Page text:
Proverbs 25:21 – 22 says, “If your enemy is hungry, give him food to eat; if he is thirsty, give him water to drink. In doing this, you will heap burning coals on his head, and the Lord will reward you.”
We once lived in a South Florida neighborhood predominately filled with older couples. The housing was less expensive, and our children quickly adopted several sets of grandparents who seemed totally committed to spoiling them.
Most of our neighbors became friends — except for one couple who complained about everything.
Our dog barked too much.
Our kids were too loud.
Our garbage can was in the wrong place.
You name it … they didn’t like it.
As the Christmas holidays approached, my children and I stayed busy wrapping gifts, baking cookies, decorating the house, and making Christmas cards. We sent out a lot of the generic store‐bought cards, but reserved those made by my children for the “extra special” people in our lives.
It was unusual weather for Fort Lauderdale, a chilly day shrouded in dark clouds and a light mist. I sensed the children growing restless as the rain persisted and decided to head trouble off at the pass. “Let’s make Christmas cards for our neighbors,” I suggested. The kids jumped at the idea.
My job was to locate our collection of traditional Christmas carols, bake my famous “must have at all holidays” sugar cookies, and mix hot chocolate in our favorite Christmas mugs. Jered and Danna scampered away to invade the toy closet and the craft box, and gather the necessary supplies for our project.
It was a perfect day, a veritable Kodak moment filled day — until my son looked up from his brightly colored card to ask, “Mama, what kind of card are we going to make them?”
A small, unwelcome knot began to form in my stomach as dread curled around my heart.
I knew exactly who he was asking, but hoped with every fiber of my being that I was wrong.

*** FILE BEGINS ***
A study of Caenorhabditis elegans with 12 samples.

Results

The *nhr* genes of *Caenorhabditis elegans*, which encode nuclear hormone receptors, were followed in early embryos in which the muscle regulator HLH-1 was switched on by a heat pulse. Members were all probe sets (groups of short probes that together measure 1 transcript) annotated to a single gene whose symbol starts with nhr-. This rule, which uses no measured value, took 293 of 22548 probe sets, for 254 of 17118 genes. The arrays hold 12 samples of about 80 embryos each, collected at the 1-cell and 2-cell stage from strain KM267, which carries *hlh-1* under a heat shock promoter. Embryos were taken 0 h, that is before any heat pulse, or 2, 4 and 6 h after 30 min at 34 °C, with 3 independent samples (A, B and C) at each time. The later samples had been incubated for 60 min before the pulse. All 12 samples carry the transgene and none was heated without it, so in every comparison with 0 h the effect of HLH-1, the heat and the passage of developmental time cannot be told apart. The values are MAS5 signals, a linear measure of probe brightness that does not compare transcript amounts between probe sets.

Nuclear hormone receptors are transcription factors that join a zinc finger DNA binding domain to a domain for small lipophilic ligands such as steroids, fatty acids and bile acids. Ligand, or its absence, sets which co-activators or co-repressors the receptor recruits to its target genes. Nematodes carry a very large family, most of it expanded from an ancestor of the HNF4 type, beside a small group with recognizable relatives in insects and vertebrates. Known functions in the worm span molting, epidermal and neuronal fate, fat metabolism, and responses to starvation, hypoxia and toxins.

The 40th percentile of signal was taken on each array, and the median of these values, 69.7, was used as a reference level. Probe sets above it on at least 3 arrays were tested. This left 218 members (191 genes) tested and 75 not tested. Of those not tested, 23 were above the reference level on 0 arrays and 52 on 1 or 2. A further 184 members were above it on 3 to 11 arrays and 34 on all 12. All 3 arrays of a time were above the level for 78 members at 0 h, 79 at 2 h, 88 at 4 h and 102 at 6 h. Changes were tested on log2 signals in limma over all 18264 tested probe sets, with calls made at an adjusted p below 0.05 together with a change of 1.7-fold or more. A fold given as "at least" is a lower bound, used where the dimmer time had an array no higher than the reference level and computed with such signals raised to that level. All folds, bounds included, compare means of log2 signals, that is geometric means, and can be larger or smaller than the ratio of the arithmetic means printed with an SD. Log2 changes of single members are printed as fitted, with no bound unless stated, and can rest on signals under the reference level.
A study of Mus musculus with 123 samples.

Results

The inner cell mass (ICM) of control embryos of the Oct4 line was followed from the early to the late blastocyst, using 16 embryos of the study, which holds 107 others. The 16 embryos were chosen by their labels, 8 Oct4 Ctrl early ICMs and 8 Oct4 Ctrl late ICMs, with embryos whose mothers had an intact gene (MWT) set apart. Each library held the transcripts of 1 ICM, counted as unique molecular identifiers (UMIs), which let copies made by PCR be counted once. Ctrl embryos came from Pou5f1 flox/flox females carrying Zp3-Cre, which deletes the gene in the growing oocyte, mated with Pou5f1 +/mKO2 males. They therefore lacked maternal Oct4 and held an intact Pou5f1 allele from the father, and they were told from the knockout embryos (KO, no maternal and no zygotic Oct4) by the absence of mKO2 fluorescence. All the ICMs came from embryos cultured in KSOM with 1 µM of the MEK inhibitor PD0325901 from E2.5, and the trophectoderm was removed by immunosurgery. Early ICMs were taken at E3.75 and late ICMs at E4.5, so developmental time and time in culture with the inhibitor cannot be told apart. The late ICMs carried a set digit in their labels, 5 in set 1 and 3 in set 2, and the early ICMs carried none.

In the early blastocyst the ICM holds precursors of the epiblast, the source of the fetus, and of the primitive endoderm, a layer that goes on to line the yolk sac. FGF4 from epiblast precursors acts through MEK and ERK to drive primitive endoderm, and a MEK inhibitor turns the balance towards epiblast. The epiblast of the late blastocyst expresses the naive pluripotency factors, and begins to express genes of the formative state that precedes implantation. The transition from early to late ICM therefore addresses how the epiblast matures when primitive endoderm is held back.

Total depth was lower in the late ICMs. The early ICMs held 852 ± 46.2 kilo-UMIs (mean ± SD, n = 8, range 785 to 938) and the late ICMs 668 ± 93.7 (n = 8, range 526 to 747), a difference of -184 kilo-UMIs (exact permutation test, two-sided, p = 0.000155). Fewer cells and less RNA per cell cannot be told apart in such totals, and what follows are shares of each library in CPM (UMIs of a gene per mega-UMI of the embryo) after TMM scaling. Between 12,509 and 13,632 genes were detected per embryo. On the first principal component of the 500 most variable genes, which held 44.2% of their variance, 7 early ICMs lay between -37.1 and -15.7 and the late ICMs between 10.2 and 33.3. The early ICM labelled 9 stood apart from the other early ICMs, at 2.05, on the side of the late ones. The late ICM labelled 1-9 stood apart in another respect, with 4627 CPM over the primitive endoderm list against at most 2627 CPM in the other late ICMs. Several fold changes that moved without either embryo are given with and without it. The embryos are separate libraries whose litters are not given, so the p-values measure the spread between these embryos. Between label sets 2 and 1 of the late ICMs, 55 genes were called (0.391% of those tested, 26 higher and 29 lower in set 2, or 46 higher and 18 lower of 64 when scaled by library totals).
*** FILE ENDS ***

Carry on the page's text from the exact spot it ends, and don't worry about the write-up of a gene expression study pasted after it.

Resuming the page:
“Who are you talking about, son?” I asked. “The Smiths, Mom. What kind of card are we going to make for the Smiths?” my sweet‐hearted and determined child asked.
Memories of terse phone calls and sarcastic notes left on the front door tumbled into my heart, pushing aside any semblance of the Christmas spirit. The scathing words poured from my angry heart, “Son, why would you want to make a Christmas card for the Smiths when they treat us so badly? The Smiths don’t like our dog or anyone in our family, as far as I can tell. They obviously want nothing to do with us. And besides, they don’t even celebrate Christmas.”
In that moment, the tables turned.
I was the pupil, and my young son became the teacher, patiently explaining the rules according to God.
“I don’t think they really mean all that stuff, Mom. I think they are just lonely. I never see any cars at their house. No kids live there. Do you know they don’t even have a cat or dog? Can you believe that, Mom? Maybe they are just sad. Don’t you think we should do something about it?”
Staring into the compassion‐filled eyes of my forgiving son, I knew what we had to do. We made two magnificent cards!
The oven timer buzzed, reminding me that the sugar cookies were done. Danna piped up with, “Cookies, Mama. Let’s take cookies!” I was obviously outnumbered.
Rummaging through the box of Christmas dishes waiting to be unpacked, I finally found a brightly colored Christmas tin. Holding it in the air, I watched my fresh‐from‐God children break out in applause and cheers. It was a winner!
When the cards were finished, the sticky glitter‐covered envelopes sealed, and the still warm sugar cookies carefully packed, I actually heard myself say words I never thought I would say, “It’s time to visit the Smiths.”
What in the world was I thinking?
Why hadn't I told our children to wait for their father to get home?
“Wait, Mom!” Jered shouted. After whispering something to Danna, both kids raced to their rooms, and came rushing out with two of their favorite books. I was clueless at this point. Seeing the confusion on my face, Jered explained, “Maybe they would like to read us a story, Mom.”
When pigs fly was my first thought. But at this point, I thought anything was worth a try. After all, we were already in over our heads. What did a few more feet matter?
I began praying, “Lord, please don’t let them be home!” How’s that for a godly pastor’s wife attitude?
You won’t believe the rest of this story!
Stay tuned for part 2!
Reflection point: In the meantime, examine your heart. Ask God to show you how to love those hard‐to‐love people in your life.
Application point: Make the choice now to do what God asks you to do.